An invasive frog species in north central Florida is eating up the native population.

The Cuban tree frog migrated from south Florida to Alachua County in the last 20 years, said Steven Johnson, an associate professor of wildlife ecology at UF.

The frog can grow up to 5-inches in length, three inches more than the native green tree frog, Johnson said. Because of the size difference, the invasive frogs eats the native frogs.

Johnson said the native population would be mostly affected by the invasive species in the Gainesville area. This is because Cuban tree frogs live primarily in suburban areas due to the shelter housing provides.

The invasive frog has been found in bird houses, toilets and other bizarre areas, according to a document provided by Johnson.

The document stated that the frogs get into homes through open windows, doors and larger crevices.

Once inside, they may cause trouble by defecating or jumping at people, Johnson said. They are attracted to light and may jump out when people come home and turn on the lights.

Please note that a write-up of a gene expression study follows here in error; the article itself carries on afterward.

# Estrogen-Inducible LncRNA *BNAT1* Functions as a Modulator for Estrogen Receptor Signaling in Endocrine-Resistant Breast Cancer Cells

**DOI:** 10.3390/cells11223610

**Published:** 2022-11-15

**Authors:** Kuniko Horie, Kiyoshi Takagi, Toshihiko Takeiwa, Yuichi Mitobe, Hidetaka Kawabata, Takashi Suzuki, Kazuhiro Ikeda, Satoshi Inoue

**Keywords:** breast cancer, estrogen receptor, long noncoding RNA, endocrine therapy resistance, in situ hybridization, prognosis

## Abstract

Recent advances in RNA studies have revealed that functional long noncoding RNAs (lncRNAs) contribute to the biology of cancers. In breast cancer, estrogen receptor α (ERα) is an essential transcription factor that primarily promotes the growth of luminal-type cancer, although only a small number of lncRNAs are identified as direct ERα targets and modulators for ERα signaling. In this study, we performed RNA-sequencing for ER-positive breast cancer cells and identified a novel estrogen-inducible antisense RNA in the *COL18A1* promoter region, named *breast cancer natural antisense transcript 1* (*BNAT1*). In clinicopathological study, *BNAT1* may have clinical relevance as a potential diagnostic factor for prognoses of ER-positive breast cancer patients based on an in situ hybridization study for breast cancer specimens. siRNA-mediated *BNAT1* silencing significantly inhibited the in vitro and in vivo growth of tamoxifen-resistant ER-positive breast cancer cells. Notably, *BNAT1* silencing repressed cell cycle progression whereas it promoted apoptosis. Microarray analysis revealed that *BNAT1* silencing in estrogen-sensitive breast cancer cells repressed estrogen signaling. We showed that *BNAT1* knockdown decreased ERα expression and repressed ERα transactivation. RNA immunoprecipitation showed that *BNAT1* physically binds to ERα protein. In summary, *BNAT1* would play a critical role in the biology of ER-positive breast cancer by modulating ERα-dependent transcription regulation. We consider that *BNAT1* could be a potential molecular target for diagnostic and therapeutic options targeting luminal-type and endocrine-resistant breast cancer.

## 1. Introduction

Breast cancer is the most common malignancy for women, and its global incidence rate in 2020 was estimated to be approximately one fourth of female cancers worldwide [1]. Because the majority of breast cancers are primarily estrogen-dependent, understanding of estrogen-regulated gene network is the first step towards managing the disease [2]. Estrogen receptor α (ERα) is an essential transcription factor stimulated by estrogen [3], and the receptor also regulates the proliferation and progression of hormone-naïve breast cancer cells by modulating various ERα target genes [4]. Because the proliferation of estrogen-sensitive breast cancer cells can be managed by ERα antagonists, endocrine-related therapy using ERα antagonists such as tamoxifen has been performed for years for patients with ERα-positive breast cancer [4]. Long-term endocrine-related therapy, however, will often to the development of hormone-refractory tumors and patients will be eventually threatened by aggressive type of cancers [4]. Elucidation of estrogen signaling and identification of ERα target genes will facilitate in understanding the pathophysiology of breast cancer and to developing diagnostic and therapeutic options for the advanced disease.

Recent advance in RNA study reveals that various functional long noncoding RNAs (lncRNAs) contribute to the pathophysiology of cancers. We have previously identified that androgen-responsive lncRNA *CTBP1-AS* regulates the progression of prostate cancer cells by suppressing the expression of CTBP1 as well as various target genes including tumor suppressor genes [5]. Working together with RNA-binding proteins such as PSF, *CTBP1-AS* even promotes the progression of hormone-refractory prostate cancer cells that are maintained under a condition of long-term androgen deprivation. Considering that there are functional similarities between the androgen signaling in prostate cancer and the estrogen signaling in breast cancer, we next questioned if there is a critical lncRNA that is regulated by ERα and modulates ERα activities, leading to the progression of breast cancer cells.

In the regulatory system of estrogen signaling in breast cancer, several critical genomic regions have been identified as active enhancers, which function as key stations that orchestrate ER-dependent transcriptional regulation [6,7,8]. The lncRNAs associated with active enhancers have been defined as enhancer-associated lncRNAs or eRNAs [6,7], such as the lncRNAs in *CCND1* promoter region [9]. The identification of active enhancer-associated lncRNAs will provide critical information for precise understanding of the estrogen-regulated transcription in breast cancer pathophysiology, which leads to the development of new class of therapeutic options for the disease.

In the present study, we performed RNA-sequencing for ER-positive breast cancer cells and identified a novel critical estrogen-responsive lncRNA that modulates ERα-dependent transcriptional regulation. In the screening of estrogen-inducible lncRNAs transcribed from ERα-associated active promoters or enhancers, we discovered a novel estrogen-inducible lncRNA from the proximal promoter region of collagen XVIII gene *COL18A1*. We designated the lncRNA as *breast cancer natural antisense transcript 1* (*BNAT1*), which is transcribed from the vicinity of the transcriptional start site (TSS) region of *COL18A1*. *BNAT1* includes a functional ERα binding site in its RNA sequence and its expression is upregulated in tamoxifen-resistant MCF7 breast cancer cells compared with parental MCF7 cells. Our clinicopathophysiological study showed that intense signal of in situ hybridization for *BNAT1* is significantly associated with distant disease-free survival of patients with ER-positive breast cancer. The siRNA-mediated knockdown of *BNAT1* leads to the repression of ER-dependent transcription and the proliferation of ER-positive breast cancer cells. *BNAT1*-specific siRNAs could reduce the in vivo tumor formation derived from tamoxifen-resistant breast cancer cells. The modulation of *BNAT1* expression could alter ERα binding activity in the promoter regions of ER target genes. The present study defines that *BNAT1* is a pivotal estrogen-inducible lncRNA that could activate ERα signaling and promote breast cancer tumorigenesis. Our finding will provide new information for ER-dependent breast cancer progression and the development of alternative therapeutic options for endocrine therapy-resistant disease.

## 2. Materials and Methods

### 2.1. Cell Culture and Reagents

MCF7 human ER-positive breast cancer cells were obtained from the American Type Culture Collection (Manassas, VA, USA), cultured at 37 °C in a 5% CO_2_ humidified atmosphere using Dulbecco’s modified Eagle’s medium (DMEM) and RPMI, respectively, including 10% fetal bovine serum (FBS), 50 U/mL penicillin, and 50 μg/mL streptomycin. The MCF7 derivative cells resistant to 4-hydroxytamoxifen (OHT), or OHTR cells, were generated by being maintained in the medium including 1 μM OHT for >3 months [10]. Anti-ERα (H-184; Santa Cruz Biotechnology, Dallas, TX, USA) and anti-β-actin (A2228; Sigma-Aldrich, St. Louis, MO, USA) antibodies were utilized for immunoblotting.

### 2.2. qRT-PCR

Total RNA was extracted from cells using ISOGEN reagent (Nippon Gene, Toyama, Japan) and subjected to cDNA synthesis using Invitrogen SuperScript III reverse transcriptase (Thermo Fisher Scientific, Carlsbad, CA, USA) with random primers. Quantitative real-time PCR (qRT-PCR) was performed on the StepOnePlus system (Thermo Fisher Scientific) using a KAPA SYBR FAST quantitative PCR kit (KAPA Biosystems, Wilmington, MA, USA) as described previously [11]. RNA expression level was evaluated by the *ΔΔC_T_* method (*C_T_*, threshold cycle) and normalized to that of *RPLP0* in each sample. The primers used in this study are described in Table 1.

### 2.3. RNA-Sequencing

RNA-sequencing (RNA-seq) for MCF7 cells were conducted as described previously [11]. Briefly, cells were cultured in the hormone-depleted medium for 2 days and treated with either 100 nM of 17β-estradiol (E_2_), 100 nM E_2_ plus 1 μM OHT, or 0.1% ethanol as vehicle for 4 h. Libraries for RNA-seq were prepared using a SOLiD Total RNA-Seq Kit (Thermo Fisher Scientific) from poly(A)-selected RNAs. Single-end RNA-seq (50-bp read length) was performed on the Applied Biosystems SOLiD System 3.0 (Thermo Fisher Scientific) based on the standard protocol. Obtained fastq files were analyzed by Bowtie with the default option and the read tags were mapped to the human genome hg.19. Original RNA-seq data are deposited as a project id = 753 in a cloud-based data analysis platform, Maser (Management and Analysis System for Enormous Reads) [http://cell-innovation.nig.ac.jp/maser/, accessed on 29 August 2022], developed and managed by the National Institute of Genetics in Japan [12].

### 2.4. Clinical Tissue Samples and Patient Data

Johnson said there is no data on whether the county’s native population has been significantly affected by the predator, but it is only rational to think that it has.

However, the global amphibian population has declined by a third, wildlife ecologist Kenneth Dodd said.

He said the loss of wetlands due to agriculture and urban development has reduced breeding grounds and living areas for frogs.

Johnson said this global decrease may not have short term effects on humans but could pose issues long term. He used a tapestry as a metaphor to describe how the loss of a species, like frogs, could affect humans.

“Each species plays a unique role,” Johnson said, “you can pull out one piece nothing would happen, another piece probably still nothing. But pull too many, and it would collapse.”